A woman (Golshifteh Farahani) in an unnamed Muslim country in the midst of a jihad has to care for her wounded husband (Hamid Djavadan), much older than she, shot in the neck during a battle. He is in a coma and she must care for him in their decrepit home. As she tends to his wound, she begins to tell her unconscious spouse about her despair and unhappiness in her marriage, making him “The Patience Stone.”
Syngue sabour is a magical stone from Persian mythology that, when placed in front of a person, absorbs the unhappiness, suffering, pain and misery of life and shatters when full. For the woman, her husband becomes the titular stone as she bares her soul to her coma-bound patient.
The woman’s story takes place in the midst of a civil war – the reason for the man’s wounds – inside a fundamentalist Muslim society. When she emerges from her bomb-damaged home to try to get food and water for her young daughters, she is in full burqa, covering everything except for her hands and feet – even her face is concealed with a mesh fabric screen.
As the woman struggles through this time of war, where battles take place outside her door, we learn about her loveless marriage to the much older man she had never seen before – she was married to the jihadist in absentia. We also learn of the hard life she had to endure under his cruel control. As she pours out her heart to him (and us), we see a slow change as she, first, wails about losing her husband and being left alone. But, as his coma continues, she begins to see that she was robbed of any happiness – until a young rebel attacks her, thinking she is a prostitute. For the first time in her life she feels happiness.
Sophomore director/co-writer Atiq Rahimi, with Jean-Claude Carriere, builds a character, in the woman, that is fully drawn, which brings me to Golshifteh Farahani, the actress portraying the woman. Faharini takes her character and breathes life and dimension into the woman. As the story progresses and the woman loses the yokes of her past, there is a physical change in her face as her burdens fall away – she becomes more and more beautiful. Farahani gives a one woman performance that is one of the top on my list for best actress.
The film is mostly set in the tiny room the woman shares with her unconscious husband and the claustrophobic feel is palpable both physically and, for the woman, mentally. This is an unsentimental look at the plight of a woman living in an oppressive world where she has few, if any, rights. “The Patience Stone” has a feminine viewpoint, yes, but it is also an indictment of a culture that would repress women’s rights en total. I give it a B+.
In war torn Kabul a woman (Golshifteh Farahani, "Body of Lies," "Chicken with Plums") tends to an older, comatose man (Hamidreza Javdan), a soldier with a bullet in his neck. 'Hold your breath,' she asks, hoping for some kind of communication. The local mullah (Mohamed Maghraoui) has assured her that her husband will walk and talk again within two weeks, but as the days wear on and her situation worsens, he does not change and the woman begins to talk more and more freely, as she never has before, using the man as "The Patience Stone."
A mythical black stone of Persian legend absorbs the problems of the person who confides in it until it explodes. Director Atiq Rahimi, adapting his own novel with prolific screenwriter Jean-Claude Carrière ("The Discreet Charm of the Bourgeoisie") uses this device as a liberating, escalating series of confessions in which one woman finds herself in speaking to a man who barely acknowledged her. Farahani gives her character an impressive arc, beginning as a fearful, submissive Muslim wife and leaving us a free and confidant sexual being.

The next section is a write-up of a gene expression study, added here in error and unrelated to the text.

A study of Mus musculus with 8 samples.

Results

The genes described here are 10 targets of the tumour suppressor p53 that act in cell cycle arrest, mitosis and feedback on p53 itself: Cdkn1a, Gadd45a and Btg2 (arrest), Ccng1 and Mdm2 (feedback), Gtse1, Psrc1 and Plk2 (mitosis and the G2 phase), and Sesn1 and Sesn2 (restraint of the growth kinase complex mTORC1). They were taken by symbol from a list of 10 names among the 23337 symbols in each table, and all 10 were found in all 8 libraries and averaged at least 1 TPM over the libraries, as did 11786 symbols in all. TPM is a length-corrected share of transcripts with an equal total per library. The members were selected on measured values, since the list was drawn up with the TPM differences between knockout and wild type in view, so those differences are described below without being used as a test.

The woman, who has no money to pay the druggist for her husband's drip substitutes water, until that becomes an issue as well. There are also two small children to care for and on the sixteenth day bombing and gunfire send them into a panic. When she returns from underground shelter, she finds someone has taken her husband's ring and watch and so she leaves her children with an aunt, in of all places, a bordello.
Rahimi uses each new hardship, each new character, each new street scene, to broaden his heroine's story. Passing by men fighting quail gives way to her childhood, the daughter of such a man who loved his birds but treated his family barbarically (the symbolism has been flipped from the opening shot of the curtains in the husband's room, printed with flying birds). The theft evokes her anger at having been abandoned by her husband's mother and brothers. When an armed man (Faiz Fazli) breaks in with a stuttering young soldier (Massi Mrowat), she uses recent experience to proclaim herself a whore (having hidden her husband) and she is condemned but left alone. Until, that is, the young soldier returns, scattering coins at her feet.
This last act looks to only add to the horrors, but gradually turns into something else altogether. If Rahimi begins his film in a room so bare it resembles a cell, he ends it in the selfsame one like something out of 'Arabian Nights,' his oppressed wife rendered Sheherazade.
The Afghani expat filmmaker and his cinematographer Thierry Arbogast ("La Femme Nikita," "The Lady") shot exteriors in Kabul while interiors and their Iranian ex-pat star stayed in Morocco. Considering the subject matter, "The Patience Stone" was nonetheless Afghanistan's official entry for the 2012 Foreign Language Film Oscar. The stunning Farahani is expressive when silent, but occasionally the almost non-stop soliloquy can become a little wearing. But the film succeeds in transporting us into an almost unimaginable point of view and Farahini's metamorphosis is utterly complete.